Thomas Scaife and Joseph Rutherford were two unfortunate employees of the Birmingham and Gloucester Railway who tragically lost their lives when the boiler on a steam locomotive exploded at Bromsgrove on 10th November 1840. A craftsman was commissioned to produce the impressive grave stones. Unfortunately he drew a 4-2-0 locomotive built by Norris; rather than the correct locomotive which was a 2-2-0 named ‘Surprise’. Something that no doubt today would have resulted in a libel action. Scaife was killed instantly but Rutherford died the following day.
The two graves lie side by side to the south side of the church.
The locomotive that blew up was apparently a one-off locomotive built by a Dr William Church of Birmingham., the boiler being built by a Mr Horton of Brierley Hill. The engine which was named 'Surprise' was owned by a Mr S.A. Goddard and was at Bromsgrove for trials.
Reference : Railway Magazine letter from Mr H Pearce Higgins to the Editor - August 1935.
A close-up view of Thomas Scaife's grave. Note that when the grave was restored the first line of text that originally correctly read as ‘Birmingham and Gloucester Railway’ has been changed to the non-existent ‘Birmingham and Worcester Railway’.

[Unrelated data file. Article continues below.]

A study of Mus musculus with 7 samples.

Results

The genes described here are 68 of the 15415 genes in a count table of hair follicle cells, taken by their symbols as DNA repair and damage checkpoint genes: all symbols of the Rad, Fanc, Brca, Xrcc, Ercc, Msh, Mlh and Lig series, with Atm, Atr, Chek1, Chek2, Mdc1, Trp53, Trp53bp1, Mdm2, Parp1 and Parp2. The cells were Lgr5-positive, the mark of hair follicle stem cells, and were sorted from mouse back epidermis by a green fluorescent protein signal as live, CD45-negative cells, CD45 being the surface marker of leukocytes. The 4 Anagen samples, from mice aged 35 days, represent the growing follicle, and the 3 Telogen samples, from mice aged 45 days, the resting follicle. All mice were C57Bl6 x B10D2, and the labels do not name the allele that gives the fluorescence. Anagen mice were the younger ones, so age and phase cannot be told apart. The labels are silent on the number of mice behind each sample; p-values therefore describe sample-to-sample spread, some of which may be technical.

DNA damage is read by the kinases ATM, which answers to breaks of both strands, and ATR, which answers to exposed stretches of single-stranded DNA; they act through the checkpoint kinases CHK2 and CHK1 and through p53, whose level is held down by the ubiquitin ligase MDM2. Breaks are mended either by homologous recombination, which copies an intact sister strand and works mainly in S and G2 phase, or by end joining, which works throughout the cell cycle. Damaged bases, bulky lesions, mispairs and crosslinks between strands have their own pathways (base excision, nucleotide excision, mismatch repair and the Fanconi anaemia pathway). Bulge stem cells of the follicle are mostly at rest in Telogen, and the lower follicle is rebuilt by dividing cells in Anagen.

The text of the poem reads:
My engine now is cold and still
No water does my boiler fill
My coke affords its flame no more
My days of usefulness are o'er
My wheels deny their noted speed
No more my guiding hands they heed
My whistle too has lost its tone
Its shrill and thrilling sounds are gone
My valves are now thrown open wide
My flanges all refuse to guide
My clacks also, through once so strong
Refuse to aide the busy throng
No more I feel each urging breath
My steam is now condens'd in death
Life's railway's oe'r each station's past
In death I'm stopp'd and rest at last
Farewell dear friends and cease to weep
In Christ I'm safe in Him I sleep
(NOTE: some words are in italics and the end of line puncuation is excluded.)
A close-up view of Joseph Rutherford's grave.
The poem reads:
Oh ! Reader stay, and cast an eye
Upon this Grave wherein I lie
For cruel death has challenged me
And soon alas! will call on thee.
Repent in time, make no delay
For Christ, will call you all away
My time was spent like day (*) in sun
Beyond all cure my glass is run
(*) Not ‘daw’ as it rather meaninglessly now reads
(NOTE excludes the end of line punctuation is excluded.)
The Railway Magazine of October 1951 reported that Scaife's gravestone had been damaged by vandals on 2nd March 1951. The memorial broke off at the base and ended up in three pieces. Bromsgrove District Council paid £17 10s 6d to join the three sections with concrete supports and bronze clips.